The media and fans (not so) patiently waited for the two biggest free agents —Shohei Ohtani and Yoshinobu Yamamoto — to sign new deals with new teams. The American League MVP and the 25-year-old ace both inked pacts with the Los Angeles Dodgers, who have spent more than $1 billion so far this offseason.
Ohtani is coming off of surgery, and Yamamoto has never pitched in the MLB, but the Dodgers went all in on 10-, and 12-year deals, respectively, for the Japanese superstars. It will take some time to see how well the deals age, but with the benefit of hindsight, we’ve compiled a list of free-agent signings that were total busts.
Here they are.
The lefty was the National League Cy Young runner-up in 1999, and was the 2000 NLCS MVP, which put him in line for a payday.
Hampton received what at the time was the largest contract in baseball history — eight years, $121 million — though it was surpassed by A-Rod’s pact with Texas two days later.
Hampton, who once claimed he joined the Rockies for Colorado’s school systems, posted a 5.41 ERA in his first season in the Mile High City. He followed that up with a 6.15 ERA and was shipped to Miami, who flipped Hampton to Atlanta.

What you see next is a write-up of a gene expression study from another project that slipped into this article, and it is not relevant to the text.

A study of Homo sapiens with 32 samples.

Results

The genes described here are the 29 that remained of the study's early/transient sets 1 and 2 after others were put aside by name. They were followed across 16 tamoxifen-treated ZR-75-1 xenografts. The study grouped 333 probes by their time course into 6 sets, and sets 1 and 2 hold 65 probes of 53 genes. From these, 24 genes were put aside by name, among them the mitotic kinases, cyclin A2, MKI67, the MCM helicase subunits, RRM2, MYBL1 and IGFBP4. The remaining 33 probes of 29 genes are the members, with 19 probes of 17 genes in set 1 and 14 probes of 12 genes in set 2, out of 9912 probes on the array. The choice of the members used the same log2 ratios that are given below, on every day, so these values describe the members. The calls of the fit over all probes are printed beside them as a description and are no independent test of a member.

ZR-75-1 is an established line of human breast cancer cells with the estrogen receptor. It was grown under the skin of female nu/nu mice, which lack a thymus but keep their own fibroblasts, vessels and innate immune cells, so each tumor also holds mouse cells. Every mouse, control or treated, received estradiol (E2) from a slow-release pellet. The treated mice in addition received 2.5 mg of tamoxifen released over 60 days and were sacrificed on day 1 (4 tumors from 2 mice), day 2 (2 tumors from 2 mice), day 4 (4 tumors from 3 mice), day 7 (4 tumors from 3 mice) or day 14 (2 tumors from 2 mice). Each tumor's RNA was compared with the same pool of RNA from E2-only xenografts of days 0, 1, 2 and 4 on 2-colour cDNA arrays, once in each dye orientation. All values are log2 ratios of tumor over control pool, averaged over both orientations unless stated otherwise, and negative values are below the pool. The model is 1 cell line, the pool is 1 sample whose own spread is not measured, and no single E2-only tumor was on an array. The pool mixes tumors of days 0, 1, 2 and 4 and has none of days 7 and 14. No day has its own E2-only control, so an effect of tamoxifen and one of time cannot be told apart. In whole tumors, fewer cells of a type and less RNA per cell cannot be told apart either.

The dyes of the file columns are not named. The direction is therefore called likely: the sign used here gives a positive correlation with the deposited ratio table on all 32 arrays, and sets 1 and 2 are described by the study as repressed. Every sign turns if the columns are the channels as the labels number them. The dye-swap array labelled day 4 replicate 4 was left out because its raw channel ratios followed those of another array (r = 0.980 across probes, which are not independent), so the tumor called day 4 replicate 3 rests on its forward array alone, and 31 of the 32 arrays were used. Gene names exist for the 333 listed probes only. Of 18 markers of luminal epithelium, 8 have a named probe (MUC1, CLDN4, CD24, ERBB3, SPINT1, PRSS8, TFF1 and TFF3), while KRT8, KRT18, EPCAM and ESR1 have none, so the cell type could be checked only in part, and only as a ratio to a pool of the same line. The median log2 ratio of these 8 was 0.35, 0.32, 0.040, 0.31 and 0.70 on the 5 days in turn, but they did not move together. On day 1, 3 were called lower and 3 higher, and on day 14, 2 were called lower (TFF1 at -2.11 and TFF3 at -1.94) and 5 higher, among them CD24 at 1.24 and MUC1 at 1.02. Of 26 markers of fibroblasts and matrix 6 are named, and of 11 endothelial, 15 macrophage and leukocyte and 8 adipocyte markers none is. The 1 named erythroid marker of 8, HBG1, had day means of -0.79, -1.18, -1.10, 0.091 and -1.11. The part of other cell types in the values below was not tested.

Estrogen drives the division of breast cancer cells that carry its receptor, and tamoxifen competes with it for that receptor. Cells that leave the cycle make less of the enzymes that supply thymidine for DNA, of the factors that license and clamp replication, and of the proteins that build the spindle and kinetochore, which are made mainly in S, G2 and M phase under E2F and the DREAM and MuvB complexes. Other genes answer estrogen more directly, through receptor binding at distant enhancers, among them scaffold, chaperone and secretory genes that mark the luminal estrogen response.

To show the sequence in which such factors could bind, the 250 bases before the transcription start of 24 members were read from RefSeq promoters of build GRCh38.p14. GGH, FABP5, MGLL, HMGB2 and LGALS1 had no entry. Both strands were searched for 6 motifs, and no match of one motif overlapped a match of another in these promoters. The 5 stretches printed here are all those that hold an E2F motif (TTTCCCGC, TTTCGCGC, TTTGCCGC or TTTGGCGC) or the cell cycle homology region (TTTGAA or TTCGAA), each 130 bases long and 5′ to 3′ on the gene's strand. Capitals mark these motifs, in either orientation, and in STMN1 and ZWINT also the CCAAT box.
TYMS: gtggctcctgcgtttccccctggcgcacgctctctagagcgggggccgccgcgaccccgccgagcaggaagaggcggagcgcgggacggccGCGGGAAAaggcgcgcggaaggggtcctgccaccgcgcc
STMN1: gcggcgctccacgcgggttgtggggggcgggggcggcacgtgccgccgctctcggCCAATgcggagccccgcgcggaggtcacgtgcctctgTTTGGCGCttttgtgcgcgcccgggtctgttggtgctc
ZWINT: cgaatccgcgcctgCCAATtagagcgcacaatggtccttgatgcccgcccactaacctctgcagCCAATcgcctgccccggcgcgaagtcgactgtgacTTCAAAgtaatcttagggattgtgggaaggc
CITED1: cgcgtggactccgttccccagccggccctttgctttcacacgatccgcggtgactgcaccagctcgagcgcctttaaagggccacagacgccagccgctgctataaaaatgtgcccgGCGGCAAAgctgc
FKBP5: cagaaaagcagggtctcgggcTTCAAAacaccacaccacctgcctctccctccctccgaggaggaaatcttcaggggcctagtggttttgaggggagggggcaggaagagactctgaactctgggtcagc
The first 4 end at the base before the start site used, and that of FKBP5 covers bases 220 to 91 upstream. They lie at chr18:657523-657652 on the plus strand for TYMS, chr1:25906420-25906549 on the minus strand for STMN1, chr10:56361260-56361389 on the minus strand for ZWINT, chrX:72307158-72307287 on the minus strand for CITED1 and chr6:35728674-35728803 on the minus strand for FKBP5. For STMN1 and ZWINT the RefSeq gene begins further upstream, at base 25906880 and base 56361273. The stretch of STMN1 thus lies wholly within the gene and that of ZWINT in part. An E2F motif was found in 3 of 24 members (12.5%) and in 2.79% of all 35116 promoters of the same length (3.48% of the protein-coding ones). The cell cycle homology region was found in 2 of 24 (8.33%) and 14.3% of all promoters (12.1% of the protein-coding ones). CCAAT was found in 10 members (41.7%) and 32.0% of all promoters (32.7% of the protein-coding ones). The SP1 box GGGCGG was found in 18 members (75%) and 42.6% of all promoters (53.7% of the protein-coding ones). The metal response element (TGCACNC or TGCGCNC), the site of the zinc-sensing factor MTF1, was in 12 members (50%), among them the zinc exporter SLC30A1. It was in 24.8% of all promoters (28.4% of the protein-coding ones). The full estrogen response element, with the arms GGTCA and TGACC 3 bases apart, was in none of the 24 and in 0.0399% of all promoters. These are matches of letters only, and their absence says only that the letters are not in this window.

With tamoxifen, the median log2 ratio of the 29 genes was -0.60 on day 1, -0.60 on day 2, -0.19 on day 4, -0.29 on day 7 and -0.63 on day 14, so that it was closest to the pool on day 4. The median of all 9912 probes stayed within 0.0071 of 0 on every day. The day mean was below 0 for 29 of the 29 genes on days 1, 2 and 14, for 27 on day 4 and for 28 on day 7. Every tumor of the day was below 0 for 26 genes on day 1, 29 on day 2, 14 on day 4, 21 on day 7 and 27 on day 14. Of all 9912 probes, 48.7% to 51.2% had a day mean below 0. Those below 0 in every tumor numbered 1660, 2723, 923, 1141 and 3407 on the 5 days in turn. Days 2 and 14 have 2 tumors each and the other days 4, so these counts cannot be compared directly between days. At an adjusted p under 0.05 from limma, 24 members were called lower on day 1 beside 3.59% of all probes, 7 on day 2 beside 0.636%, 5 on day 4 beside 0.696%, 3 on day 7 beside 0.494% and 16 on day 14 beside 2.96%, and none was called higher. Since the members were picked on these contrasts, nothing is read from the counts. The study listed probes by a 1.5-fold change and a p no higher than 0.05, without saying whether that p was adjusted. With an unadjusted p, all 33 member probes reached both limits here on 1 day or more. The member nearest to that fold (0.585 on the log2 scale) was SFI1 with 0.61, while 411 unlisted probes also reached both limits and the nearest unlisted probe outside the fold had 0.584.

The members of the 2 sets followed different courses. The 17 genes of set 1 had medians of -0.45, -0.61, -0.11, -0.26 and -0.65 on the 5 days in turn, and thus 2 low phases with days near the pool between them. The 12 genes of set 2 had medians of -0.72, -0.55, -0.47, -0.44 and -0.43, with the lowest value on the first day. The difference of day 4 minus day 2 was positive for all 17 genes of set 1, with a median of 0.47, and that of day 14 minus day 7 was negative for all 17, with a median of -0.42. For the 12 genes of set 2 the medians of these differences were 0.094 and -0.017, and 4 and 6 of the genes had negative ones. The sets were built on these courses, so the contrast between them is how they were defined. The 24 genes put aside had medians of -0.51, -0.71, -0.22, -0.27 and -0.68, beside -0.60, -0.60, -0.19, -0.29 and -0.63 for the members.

Coming off a strong performance in the World Series, Kung Fu Panda landed a five-year, $90 million deal from the Boston Red Sox. Sandoval posted career lows in his first season in Beantown, and spent most of his tenure there on the IL, and eventually made his way back to the San Francisco Giants.
Things were so bad for Ortiz in the desert that Arizona released him during the second year of his four-year, $33 million deal. He made 28 starts, and put up some ugly numbers: 7.00 ERA, 1.896 WHIP, and 5.7 BB/9.
Two years removed from his MVP season with the Texas Rangers, Hamilton inked a five-year, $125 million deal with the Angels. Sadly, Hamilton suffered various injuries and relapsed while recovering from shoulder surgery. He was dealt back to the Rangers and L.A. ate roughly $62.5 million of his contract.
Some things in life you just can’t control, like having a degenerative hip condition.
That’s what happened to Albert Belle, who signed a contract with Baltimore in 1998 that called for five years for $65 million. He had a unique clause in his previous contract with the White Sox, where if he wasn’t one of the top three highest earners in the league, he could opt out and go wherever he wanted. The deal from the Orioles tied him with Mike Piazza for third in the league in highest earnings, but he could only play for two years.
You know it’s bad if your teammates start to call you out.
After winning a World Series with the Marlins in 2003, Pavano made his way to the Bronx on a four-year, $39.95 million deal. He was injured most of the 2006 season, and after his return, teammate Mike Mussina however, thought that Pavano did not perform like he wanted to be a Yankee and he needed to prove himself. He is also most well known during his time as a Yankee for his “bruised buttocks” injury.
What a disaster. Things were so bad for Bay in Queens that the Mets terminated the oft-injured outfielder’s four-year, $66 million deal a year early.